A timeless masterpiece
Lemmings is puzzle game with a hint of real-time strategy, and was one of both the most successful and most
innovative titles of the early 90s.
The goal of the game is to lead a group of mindless lemmings safely to the exit in each of the 120
levels. The lemmings enter the level by falling through a trap door, and will stoically march onwards,
whatever lies in their way. They change direction if they walk into an obstacle, but they won't stop from traps,
fire, pits and falls from deadly heights, for example. To make sure the lemmings reach the exit, there is a number
of tasks the player can apply to the lemmings. This includes digging in different directions, building
a stairway, playing "blocker" to repel other lemmings or even making a lemming blow up itself. All the
tasks must be used at the right time and place to create a path to exit for the lemmings. However, there
is always a limited number of times you may use these functions, so you need to use them carefully.
To make matters more complicated, there is also a time limit and a given minimum number of lemmings
to be saved.
While the graphics are just average all in all (see below), I want to point out that the animation
of the lemmings is superb. All of their movements are funny or cute to look, and the game is splendid
example of you can do with just a few pixels and colours.
The game has a really ease to use mouse interface. The bottom of the screen shows all available tasks
for the lemmings, and the number of them left. You just mark the task of your choice and then click on
a lemming to perform it. You can pause the game to plan your strategy with another button, and you
may adjust the drop-out rate for the lemmings (though cannot go below the starting rate). Finally,
you can "nuke" the level by letting all remaining lemmings explode at once. All levels can be accessed via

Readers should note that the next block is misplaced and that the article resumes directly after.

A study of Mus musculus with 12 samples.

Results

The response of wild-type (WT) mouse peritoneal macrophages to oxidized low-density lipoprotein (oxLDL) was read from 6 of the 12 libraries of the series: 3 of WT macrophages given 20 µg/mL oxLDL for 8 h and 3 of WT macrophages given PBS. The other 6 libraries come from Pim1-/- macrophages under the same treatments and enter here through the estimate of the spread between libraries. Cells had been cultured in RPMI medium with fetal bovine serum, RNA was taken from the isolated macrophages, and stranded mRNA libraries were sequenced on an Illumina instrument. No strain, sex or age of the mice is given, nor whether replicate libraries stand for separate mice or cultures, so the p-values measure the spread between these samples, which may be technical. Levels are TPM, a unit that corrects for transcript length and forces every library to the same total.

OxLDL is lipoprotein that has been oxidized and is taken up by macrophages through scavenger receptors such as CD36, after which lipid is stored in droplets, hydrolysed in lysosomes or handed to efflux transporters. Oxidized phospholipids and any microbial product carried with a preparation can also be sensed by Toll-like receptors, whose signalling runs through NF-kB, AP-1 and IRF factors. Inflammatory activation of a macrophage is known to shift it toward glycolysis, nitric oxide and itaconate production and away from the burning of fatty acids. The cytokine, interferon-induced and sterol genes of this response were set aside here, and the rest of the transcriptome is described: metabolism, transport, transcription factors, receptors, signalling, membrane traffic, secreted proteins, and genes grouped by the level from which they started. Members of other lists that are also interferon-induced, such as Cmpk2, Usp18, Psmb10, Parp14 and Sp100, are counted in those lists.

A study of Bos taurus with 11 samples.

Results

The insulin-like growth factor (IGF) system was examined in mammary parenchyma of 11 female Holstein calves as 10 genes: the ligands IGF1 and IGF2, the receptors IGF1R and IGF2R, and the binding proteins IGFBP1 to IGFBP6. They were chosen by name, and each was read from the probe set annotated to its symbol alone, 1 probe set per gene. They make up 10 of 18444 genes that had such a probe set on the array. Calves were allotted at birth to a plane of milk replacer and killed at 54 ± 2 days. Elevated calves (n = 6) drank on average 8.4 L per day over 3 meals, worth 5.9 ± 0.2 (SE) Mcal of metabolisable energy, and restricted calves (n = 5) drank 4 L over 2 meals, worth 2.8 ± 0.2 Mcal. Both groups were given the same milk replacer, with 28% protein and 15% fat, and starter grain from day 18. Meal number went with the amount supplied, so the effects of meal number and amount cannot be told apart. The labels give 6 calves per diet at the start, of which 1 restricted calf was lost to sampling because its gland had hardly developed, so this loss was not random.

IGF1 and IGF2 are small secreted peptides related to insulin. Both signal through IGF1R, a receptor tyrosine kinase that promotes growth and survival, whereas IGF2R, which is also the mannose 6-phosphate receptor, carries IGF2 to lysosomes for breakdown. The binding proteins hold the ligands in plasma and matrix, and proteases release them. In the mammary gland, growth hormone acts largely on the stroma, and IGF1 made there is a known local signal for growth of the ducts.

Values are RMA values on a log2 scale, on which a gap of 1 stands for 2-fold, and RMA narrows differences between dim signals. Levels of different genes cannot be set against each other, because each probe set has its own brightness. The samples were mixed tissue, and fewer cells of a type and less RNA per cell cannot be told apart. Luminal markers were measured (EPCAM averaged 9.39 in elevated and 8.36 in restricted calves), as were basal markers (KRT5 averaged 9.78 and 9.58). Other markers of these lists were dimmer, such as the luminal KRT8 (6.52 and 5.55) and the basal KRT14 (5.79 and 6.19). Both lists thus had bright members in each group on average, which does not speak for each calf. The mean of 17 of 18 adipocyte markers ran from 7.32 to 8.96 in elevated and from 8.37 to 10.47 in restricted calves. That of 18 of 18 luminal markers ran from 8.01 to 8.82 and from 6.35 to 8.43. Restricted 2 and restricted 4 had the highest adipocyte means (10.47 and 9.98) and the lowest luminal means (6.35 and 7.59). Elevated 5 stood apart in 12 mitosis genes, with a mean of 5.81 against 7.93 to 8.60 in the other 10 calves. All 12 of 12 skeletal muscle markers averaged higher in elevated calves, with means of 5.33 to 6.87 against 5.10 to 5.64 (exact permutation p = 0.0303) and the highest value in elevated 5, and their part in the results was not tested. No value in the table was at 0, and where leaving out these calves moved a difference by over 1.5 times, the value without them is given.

a password system.
Like with most puzzle games, the gameplay is the program's strongest point by far. As with Lemmings,
the fun and addictiveness can even compare to Tetris. The designers did not only frame a great concept, but they also created excellent levels. While the later levels are
really hard and can be quite frustrating, the motivation and the addictiveness are always very high. The designers
also did a good job with introducing the different skills and game mechanics in the earlier levels.
The game is surprisingly flawless and perfected (many other games don't reach this state in the third sequel), so there is not really that much to complain about. As I already hinted at, the presentation of the game is not very outstanding. The environments are colourful and look okay,
but are no highlight as well. The music contains some nice, cheerful tunes, but they can get
a bit tiresome over the time. You can also mention that the game is focussed on the actual gameplay in the sense that you do not have any
introduction sequences, cut-scenes or bonuses, you "just" play the levels. Though it is questionable
how much a game like Lemmings needs such things.
Apart from these minor issues, the only problem might be the strict minimum number of Lemmings to
save in each level. If you really play the game all by yourself, and do not look up the codes in
a book, magazine or nowadays the internet, then you are in danger of being forced to play a level over
and over again, because you could save enough Lemmings, even if you know exactly how to solve the
level. After numerous repetitions it can be really frustrating to notice that the lemming, which has just fallen
to its, was just enough to render the current trial futile. However, the game is far too addictive to
let go on it in the long run.
The Bottom Line
I would call Lemmings nothing less then a timeless masterpiece. It has got a great idea behind it, and the execution was so well done that the gameplay has easily passed the test of time. It's an addictive, original and brilliant game that is just as much fun as it used to be in 1991.